Now that COVID-19 vaccines are available to all those in Maine who are age 16 or older, Northern Light AR Gould Hospital has adjusted some clinic hours to be more accessible to those in school or working during the day. 

A clinic is planned this Wednesday, April 14, from 2-6 pm, at Northern Maine Community College, and there are still slots available.

“With summer right around the corner, vaccines are a way for us to try to find some semblance of normal,” said Jay Reynolds, MD, senior physician executive at the hospital. “Whether it be families looking at vacation plans, teens looking to play sports, or those preparing to head to college in the fall, preventive steps now can make the difference. Since it takes five weeks from receiving the first dose of Pfizer until someone is considered fully vaccinated, it’s important to get started with the process.”

For the Pfizer vaccine, individuals must allow three weeks between the two doses and another two weeks after that before the vaccine is considered fully effective.  Pfizer is the only vaccine approved for those age 16 and 17, and in Aroostook County it is only available from AR Gould’s clinic in Presque Isle.   

According to Dr. Reynolds, another reason people should consider seeking a vaccine sooner rather than later is ease of access.  As the demand for the vaccine begins to diminish in our region, the hospital will begin scaling back vaccine efforts. In the near future, they will be transitioning away from holding a large-scale vaccination clinic at NMCC to doing something on a smaller level on hospital property.  

“Running a large vaccination site away from the hospital is a drain on our resources.  While volunteers have been incredibly helpful, we are in large part depending on our own staff and leaders to be operating that location two days a week while still maintaining needs at the hospital. We will continue to do so as long as there is a need, but once clinic numbers get smaller, we can handle vaccinations more efficiently in-house,” explained Dr. Reynolds.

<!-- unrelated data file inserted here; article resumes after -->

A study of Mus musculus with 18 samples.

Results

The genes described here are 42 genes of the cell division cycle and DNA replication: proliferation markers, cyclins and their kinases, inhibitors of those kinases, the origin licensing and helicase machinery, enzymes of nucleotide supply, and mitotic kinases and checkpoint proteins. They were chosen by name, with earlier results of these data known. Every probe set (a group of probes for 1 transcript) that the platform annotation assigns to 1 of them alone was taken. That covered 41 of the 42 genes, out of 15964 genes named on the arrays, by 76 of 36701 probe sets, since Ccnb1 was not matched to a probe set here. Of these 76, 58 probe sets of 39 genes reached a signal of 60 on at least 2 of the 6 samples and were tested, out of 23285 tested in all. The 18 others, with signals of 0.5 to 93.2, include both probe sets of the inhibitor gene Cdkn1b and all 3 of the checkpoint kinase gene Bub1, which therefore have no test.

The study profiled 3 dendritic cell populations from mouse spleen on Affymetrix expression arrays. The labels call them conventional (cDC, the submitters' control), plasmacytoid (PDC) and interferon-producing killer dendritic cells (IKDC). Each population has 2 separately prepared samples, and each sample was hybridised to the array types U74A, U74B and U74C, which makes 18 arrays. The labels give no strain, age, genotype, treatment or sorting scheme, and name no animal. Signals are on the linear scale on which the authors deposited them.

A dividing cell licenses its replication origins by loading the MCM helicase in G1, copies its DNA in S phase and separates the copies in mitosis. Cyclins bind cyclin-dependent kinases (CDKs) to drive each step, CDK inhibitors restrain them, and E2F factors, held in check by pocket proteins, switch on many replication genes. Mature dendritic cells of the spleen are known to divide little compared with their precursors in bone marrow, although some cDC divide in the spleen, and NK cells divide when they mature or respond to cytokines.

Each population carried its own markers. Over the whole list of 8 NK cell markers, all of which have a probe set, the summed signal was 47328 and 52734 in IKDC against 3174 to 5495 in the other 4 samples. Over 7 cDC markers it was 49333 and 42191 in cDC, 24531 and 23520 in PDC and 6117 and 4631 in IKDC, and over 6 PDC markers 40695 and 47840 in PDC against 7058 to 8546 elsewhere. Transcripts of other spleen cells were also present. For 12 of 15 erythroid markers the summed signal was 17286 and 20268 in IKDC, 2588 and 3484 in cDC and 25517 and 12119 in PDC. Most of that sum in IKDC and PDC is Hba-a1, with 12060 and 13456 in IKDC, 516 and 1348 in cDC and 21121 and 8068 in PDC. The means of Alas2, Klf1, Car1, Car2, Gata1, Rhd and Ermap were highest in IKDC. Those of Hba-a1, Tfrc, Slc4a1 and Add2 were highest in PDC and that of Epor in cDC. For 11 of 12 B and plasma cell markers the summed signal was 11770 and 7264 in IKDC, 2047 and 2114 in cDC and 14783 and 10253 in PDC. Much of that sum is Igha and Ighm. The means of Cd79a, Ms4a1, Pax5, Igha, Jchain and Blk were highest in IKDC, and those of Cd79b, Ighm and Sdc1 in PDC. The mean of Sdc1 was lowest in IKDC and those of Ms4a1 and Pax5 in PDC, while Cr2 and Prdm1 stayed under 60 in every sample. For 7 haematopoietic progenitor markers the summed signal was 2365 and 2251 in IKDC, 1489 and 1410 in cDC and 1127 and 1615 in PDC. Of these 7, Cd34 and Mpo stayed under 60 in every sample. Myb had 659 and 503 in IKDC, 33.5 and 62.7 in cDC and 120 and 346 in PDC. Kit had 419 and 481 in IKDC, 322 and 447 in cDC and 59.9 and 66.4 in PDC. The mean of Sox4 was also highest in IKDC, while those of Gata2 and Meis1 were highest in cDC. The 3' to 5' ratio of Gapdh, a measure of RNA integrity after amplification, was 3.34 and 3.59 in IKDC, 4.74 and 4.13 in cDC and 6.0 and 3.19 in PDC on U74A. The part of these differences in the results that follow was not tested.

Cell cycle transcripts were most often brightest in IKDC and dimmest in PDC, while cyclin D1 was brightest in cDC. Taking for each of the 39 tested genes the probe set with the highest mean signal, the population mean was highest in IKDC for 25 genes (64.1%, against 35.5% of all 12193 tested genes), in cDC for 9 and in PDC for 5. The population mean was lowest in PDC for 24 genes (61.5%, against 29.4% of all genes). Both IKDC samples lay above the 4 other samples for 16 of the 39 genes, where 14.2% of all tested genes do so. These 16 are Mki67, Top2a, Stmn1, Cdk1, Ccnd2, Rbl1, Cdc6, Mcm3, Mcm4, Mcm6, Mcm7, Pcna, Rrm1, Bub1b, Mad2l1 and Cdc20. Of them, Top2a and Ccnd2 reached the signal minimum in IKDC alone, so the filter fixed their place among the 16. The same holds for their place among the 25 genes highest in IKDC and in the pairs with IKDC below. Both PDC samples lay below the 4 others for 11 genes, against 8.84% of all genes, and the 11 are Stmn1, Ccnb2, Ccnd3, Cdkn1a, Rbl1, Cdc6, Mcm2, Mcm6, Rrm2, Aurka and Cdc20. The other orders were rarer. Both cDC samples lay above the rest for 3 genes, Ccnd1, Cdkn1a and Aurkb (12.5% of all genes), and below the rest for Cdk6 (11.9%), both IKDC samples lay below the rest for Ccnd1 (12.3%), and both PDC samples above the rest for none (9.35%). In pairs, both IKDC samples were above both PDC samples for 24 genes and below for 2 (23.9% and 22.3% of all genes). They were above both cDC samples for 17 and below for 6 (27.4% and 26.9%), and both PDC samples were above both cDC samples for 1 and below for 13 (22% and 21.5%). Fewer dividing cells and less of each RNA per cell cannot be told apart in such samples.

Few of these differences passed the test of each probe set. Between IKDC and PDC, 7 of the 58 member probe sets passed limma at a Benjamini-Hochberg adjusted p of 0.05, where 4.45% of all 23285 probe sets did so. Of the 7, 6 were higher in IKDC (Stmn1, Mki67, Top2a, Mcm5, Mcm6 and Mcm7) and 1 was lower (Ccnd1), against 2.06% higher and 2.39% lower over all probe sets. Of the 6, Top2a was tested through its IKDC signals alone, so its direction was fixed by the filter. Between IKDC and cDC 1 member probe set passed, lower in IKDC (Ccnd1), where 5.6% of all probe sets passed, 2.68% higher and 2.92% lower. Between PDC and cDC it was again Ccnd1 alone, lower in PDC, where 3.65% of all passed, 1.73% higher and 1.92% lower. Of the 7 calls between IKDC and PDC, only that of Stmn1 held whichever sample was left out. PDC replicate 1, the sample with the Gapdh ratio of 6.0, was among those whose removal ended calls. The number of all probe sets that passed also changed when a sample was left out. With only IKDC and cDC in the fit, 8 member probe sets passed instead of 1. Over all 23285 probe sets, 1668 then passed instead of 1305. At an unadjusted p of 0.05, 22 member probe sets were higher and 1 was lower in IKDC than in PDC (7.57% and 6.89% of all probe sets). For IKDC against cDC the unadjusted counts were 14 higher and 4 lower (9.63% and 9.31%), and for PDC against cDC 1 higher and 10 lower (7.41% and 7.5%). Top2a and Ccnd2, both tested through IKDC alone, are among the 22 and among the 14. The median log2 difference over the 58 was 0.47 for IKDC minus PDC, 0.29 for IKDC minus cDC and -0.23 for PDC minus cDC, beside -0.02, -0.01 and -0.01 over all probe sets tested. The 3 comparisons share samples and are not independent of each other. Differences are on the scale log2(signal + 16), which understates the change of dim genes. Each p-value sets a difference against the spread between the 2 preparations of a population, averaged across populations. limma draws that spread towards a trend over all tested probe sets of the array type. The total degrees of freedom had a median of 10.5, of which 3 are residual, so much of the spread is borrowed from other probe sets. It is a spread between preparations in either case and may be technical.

Logistically, he points out that as the local needs lessen, as demonstrated by unfilled clinic spots, so does the hospital’s allotment of vaccines from the state. Those allotments are redirected downstate where demand is still great. When allotments are smaller, the hospital will only be able to offer smaller clinics anyway.

Vaccine slots will be more readily available while the clinic continues to be located at NMCC, and Dr. Reynolds urges people to take advantage of that opportunity.

Individuals can register at or by calling 207-204-8551. The hospital also continues to partner with the Aroostook Agency on Aging (1-800-439-1789) and the Aroostook County Action Program (207-764-3721) to provide assistance with registering individuals over the phone as well as connecting people to resources they might need, such as transportation to the clinic.

LOOK: Answers to 30 common COVID-19 vaccine questions

While much is still unknown about the coronavirus and the future, what is known is that the currently available vaccines have gone through all three trial phases and are safe and effective. It will be necessary for as many Americans as possible to be vaccinated in order to finally return to some level of pre-pandemic normalcy, and hopefully these 30 answers provided here will help readers get vaccinated as soon they are able.